National anti-gerrymandering group gives Ohio redistricting failing grade
Group calls Ohio’s process ‘unmitigated disaster’
The members of the Ohio Redistricting Commission are sworn in by Gov. Mike DeWine on Wednesday. Left to right: State Rep. Jeff LaRe, Secretary of State Frank LaRose, Auditor of State Keith Faber, DeWine, Senate Majority Floor Leader Rob McColley, House Minority Leader Allison Russo and Senate Minority Leader Nickie Antonio. (Photo by Susan Tebben, OCJ.)
Ohio was one of seven states to receive the worst grade on its redistricting process and efforts, according to a report by the national group Common Cause.
The national group that works against gerrymandering and promote voting rights completed a report of all 50 states and profiled redistricting state-by-state with the help of a coalition of voting rights and anti-gerrymandering groups.
The reforms made in 2015 and 2018 were brought up in Ohio’s profile. In those years, the Ohio Redistricting Commission was created, and made up mostly of members of the majority party in the state, with two members of the minority party.
“This redistricting cycle in Ohio provided a textbook example of the lengths elected officials will go to prioritize partisanship over fair representation for the public,” according to the report.
The commission has adopted six versions of Statehouse maps over the last two years, with five of them having been rejected by the Ohio Supreme Court. The sixth version, just passed in September with a unanimous vote of the commission, has been submitted to the Ohio Secretary of State’s Office, and the state supreme court for review.
It has received its first challenge, with the National Democratic Redistricting Commission and the ACLU of Ohio saying despite the bipartisan agreement, the maps still have undue partisan leans for the Republicans, district advantages that they say don’t match voting trends of the last 10 years.
The process also tasked the legislature itself with creating a new U.S. Congressional district map, but set a fail-safe if the General Assembly couldn’t come to agreement, sending the process to the commission as well.
Two different versions of the congressional map have been challenged in the Ohio Supreme Court, and both maps were ruled unconstitutional.
“Unfortunately, this cycle, the Republican majority in the legislature and the politician commission showed no interest in bipartisan cooperation and drew maps designed to maximize the number of Republican seats,” the report stated.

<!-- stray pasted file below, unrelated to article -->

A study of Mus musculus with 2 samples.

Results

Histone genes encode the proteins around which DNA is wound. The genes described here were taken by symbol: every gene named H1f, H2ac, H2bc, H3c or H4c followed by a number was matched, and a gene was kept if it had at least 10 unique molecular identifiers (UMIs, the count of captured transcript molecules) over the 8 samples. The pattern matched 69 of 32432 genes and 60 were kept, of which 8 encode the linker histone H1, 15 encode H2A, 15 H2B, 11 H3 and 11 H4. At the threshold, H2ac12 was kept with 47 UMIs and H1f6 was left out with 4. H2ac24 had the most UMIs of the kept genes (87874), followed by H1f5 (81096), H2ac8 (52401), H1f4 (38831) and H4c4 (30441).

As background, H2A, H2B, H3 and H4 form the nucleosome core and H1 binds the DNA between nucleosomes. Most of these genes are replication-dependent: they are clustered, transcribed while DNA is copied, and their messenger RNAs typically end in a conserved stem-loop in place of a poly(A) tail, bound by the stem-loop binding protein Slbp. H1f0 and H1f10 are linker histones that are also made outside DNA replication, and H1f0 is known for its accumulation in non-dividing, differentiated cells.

The group decried the fact that 2022 Ohioans “‘were forced to vote in congressional and state legislative districts that were unconstitutional.”
There were some spots of positivity, the report found. Though “the process and results were unmitigated disasters,” the changes made to the sixth Statehouse map showed the public “had some impact,” the report cited OSU professor emeritus Richard Gunther as saying. The head of the Ohio Organizing Collaborative, Prentiss Haney, was quoted in the report as well, saying advocacy “made a difference in ensuring that the worst maps were not passed.
The state received an “F” grade, along with Alabama, Florida, Illinois, North Carolina, Tennessee, and Wisconsin.
California and Massachusetts received the top grade, an A-minus. The states surrounding Ohio faired better, with Michigan receiving a “B,” Pennsylvania achieving a “C-plus,” and Kentucky and West Virginia both receiving “D” grades.
What Ohio’s process showed was the need for the removal of elected officials from the process, Common Cause found.
“The willingness of Ohio Republicans to ignore the rule of law this redistricting cycle provided one of the most vivid examples of the need to create a redistricting process that fully excludes self-interested elected officials,” the report stated.
The national group joined with the local chapter of Common Cause to support a new set of reforms, currently going through the process of becoming an official ballot initiative.
The newest proposed constitutional amendment would create an independent redistricting commission and a panel to choose those members. Ohio’s Attorney General Dave Yost approved the language for the ballot initiative after two revisions, and the Ohio Ballot Board is considering the language.
Should the board approve the measure’s language, it will then move on to a signature collection campaign to garner enough support to be put on a future Ohio ballot.